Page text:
Monday - 6/28/2010, 11:08am EDT
Senior Internet Editor
In what could be the best game of Monopoly™ ever, Postmaster General John Potter may have just drawn a card that reads "Inspector General finds error in your favor. Collect $75 billion dollars."
The Inspector General for USPS took a closer look at the Civil Service Retirement System and found massive overpayments dating back decades.
Michael Thompson, Director of Capital Investments for the Postal Service Office of Inspector General, explained for Federal News Radio, "the Postal Service, since 1972, has overfunded by $75 billion its share of civil service retirement and the reason for that is because the methodology that's used is not comparable to the methodologies that's used for all the other federal retirement funds."
Thompson said the Office of Personnel Management, in deciding how much the Postal Service should pay into the CSRS, is currently using a different method developed in 1974. They've said they aren't going to change unless Congress tells them to, according to Thomson.
"The money is sitting in the civil service retirement fund. It's not as though the money is not there. It is there. It's just that the Postal Service has continually paid more than it should have paid."
All it would take, according to Thompson, is for either the OPM to make the change or for Congress to legislate it. That might seem simple enough, but with so much money involved, no one's getting off the dime, literally.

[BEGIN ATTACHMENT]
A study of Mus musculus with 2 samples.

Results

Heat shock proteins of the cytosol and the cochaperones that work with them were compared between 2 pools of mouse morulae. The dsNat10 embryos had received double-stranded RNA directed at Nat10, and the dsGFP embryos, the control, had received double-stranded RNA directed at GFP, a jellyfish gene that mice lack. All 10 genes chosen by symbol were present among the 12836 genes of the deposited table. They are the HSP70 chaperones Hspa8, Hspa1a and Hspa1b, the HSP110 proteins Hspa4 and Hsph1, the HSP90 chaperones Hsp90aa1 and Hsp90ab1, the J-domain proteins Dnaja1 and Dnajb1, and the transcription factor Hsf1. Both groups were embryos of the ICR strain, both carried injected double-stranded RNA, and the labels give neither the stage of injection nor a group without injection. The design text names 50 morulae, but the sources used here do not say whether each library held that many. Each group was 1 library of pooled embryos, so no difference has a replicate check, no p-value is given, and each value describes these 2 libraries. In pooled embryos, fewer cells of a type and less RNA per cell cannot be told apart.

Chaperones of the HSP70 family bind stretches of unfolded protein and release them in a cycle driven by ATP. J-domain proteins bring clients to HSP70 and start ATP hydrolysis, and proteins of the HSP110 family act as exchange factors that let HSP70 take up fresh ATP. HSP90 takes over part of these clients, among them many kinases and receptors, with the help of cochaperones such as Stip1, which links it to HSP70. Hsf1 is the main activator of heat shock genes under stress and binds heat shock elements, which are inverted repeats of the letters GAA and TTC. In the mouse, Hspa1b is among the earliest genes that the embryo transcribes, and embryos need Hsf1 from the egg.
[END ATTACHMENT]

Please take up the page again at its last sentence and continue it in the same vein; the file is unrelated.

Thompson's taking it in stride though.
Well, I think it's one of those brick walls you have to keep just chipping away at and ultimately you will break it down. When you work for an inspector general, you say what you have to say. You try to look for that neutral ground where the truth is there, and you say it, and you hope that the truth will prevail for that day. We will keep talking about this and certainly looking at it and finding different ways to assist the Postal Service.
Even if the Postal Service were to get the money back, said Thompson, changes would still need to be made.
"They have continued to scale down operations, optimize, right-size and they will need to continue to do that even if they get the $75 billion dollars back because mail volume has dropped significantly."
But it would keep the wolves from the door for a while. The "Postmaster General has already testified that there would be no reason to go to five day delivery for at least 10 years," said Thompson, and there are already calls being made to make no changes until the money, and what should be done with it, is decided.